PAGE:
Cooking the Books: Labour’s Share Goes Down

In July, the OECD, an organisation grouping the developed capitalist countries of Europe, North America, Japan and Australasia, published its Employment Outlook 2012. Chapter 3 noted that ‘during the past three decades, the share of national income represented by wages, salaries and benefits – the labour share – has declined in nearly all OECD countries’. The Times (11 July) summarised the report:

‘Automation and computerisation are responsible for as much as 80 per cent of the decline in so-called “labour share”, which measures wages as a proportion of total income generated by the economy … The research … shows that the average labour share dropped from 66.1 per cent in the early 1990s to less than 62 per cent in the late 2000s. In all but four of the 26 OECD nations analysed, workers’ slice of their country’s income declined between 1990 and 2009.”

What the OECD was trying to measure, at national level, is what Marx would have called ‘relative wages’, i.e., the workers’ share in what they produce. This does not necessarily mean a decline too in ‘real wages’ (what wages can buy). In fact, according to the OECD, ‘in essentially all OECD countries, while the fraction of national income accruing to labour decreased, economic growth was still sufficiently rapid so that real labour compensation increased and workers were on average better off.

Since the income of the self-employed was divided between labour and capital, a decline in labour’s share meant a rise in capital’s, with the result, as the Times pointed out, that:

‘Corporate investors have been the big winners, as businesses save on salaries and their profits increase.’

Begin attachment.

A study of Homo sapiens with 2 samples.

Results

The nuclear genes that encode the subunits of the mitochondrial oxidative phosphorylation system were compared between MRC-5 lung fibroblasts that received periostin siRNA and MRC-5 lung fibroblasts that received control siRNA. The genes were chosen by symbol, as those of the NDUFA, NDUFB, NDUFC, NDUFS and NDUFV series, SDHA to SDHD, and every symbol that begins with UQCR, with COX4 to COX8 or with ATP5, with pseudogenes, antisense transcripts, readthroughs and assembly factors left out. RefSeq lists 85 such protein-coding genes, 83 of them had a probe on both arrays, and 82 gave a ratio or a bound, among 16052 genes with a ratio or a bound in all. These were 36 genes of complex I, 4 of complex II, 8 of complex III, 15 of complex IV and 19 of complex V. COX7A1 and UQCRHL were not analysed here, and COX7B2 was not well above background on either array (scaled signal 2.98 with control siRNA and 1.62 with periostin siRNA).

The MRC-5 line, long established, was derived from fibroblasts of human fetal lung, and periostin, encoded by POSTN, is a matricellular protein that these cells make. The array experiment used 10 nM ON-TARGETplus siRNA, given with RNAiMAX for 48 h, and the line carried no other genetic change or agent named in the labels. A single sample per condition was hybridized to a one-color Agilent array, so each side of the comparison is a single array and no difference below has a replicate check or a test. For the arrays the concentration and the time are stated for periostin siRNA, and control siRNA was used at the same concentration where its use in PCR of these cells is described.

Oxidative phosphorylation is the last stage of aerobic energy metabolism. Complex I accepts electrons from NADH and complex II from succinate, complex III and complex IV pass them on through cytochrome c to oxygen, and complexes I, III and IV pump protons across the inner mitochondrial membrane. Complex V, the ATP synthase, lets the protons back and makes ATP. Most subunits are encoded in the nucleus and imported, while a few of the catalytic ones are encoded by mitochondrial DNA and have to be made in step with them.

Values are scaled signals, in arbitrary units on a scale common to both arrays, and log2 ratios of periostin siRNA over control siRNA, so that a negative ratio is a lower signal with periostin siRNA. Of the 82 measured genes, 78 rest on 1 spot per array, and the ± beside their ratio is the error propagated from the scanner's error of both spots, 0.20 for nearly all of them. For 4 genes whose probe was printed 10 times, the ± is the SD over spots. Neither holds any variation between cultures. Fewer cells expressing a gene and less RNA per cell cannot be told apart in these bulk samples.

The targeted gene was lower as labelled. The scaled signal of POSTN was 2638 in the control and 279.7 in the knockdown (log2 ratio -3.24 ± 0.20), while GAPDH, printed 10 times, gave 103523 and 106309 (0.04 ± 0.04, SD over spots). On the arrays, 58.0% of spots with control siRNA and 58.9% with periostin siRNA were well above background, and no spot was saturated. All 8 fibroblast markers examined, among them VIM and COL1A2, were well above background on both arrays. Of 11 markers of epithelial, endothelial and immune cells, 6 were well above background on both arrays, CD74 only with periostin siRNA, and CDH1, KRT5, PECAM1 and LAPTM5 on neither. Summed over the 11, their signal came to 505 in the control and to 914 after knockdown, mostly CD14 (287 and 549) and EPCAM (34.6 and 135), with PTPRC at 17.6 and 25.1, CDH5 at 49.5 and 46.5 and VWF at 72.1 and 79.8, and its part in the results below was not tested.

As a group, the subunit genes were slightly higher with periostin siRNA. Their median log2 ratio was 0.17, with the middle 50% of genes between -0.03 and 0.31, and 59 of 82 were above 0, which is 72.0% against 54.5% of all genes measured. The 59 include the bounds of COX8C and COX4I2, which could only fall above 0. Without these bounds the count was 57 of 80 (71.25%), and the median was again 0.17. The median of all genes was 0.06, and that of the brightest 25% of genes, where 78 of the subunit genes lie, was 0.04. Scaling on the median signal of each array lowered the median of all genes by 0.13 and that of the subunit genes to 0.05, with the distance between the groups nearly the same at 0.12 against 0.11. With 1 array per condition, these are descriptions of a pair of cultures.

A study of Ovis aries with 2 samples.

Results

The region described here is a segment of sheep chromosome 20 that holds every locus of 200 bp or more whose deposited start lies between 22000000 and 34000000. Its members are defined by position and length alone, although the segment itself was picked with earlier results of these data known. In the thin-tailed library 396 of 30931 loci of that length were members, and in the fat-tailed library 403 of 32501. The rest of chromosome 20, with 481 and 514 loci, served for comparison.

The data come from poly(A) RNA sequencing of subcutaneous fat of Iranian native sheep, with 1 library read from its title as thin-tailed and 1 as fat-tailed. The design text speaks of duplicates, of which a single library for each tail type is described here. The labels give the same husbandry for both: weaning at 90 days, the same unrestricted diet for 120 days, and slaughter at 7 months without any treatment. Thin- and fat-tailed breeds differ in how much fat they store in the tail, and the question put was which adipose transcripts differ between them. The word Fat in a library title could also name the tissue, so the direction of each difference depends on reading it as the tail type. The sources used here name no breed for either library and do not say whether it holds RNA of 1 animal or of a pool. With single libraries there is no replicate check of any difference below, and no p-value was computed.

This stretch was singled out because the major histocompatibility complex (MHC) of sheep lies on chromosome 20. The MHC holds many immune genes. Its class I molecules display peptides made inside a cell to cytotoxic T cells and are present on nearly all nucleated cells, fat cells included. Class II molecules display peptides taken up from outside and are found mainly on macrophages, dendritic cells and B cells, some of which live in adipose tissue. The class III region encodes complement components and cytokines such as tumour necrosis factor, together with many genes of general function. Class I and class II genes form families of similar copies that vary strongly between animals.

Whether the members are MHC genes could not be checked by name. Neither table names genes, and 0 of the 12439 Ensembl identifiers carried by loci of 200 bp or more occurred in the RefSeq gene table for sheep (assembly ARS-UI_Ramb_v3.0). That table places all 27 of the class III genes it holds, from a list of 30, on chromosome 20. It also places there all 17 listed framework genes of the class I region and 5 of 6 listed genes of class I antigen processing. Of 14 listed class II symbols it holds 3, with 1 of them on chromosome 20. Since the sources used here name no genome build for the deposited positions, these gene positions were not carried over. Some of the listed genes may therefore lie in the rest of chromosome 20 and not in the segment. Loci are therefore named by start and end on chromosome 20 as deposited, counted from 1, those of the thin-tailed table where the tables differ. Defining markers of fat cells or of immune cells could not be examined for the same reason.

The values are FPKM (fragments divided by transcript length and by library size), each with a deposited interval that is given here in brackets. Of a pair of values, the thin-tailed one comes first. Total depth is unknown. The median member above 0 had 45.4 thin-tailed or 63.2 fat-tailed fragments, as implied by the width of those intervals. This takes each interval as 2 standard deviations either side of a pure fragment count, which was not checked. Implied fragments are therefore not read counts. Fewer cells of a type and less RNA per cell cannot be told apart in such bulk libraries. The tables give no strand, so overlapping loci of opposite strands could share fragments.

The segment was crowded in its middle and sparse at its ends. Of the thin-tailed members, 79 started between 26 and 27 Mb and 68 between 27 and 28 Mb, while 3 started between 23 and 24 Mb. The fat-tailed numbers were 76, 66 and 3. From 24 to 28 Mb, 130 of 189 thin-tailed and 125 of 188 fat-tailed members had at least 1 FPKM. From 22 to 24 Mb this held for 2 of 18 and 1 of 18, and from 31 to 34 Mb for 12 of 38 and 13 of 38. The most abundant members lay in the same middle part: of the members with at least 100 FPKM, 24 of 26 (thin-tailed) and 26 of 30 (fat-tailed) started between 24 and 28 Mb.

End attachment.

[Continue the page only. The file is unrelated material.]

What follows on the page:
Further, as workers became on average better off, the shift meant that ‘corporate investors’ had to have become even more better off.

The OECD’s figures have some bearing on the arguments amongst students of Marxian economics about what has caused the present economic downturn. Some say that is due to a fall in the average rate of profit; others, that it is due to the decline in labour’s share of national income. One passage in the OECD report seems to give some credence to the latter view:

‘… the shift of income away from labour (and, in particular, from low-wage workers) towards capital (and top earners) may have a negative impact on aggregate demand to the extent that workers with below average pay tend to have a higher consumption propensity than do top earners and capitalists.’

On the other hand, it may not, as long as the capitalists use their increased profits to increase their luxury spending and, more importantly, to re-invest in production; which in fact they did until 2008.

The OECD figures say nothing about the rate of profit since they concerned only the division of new income corresponding to new wealth and value produced in a year. The rate of profit measures total profits in relation to the total amount of capital invested. No doubt, due to ‘automation and computerisation’ that went on during the period in question, the stock of capital would also have increased. Whether it would have increased more than the increase in the amount of profits – which it would have to have done for the rate of profit to fall – is not something the OECD went into.

While capitalist firms do calculate an expected rate of return to decide when, where and whether to invest, and check whether or not this is being achieved, they will not take into account the rate of profit of the whole economy, if only because this is something they have no means of knowing.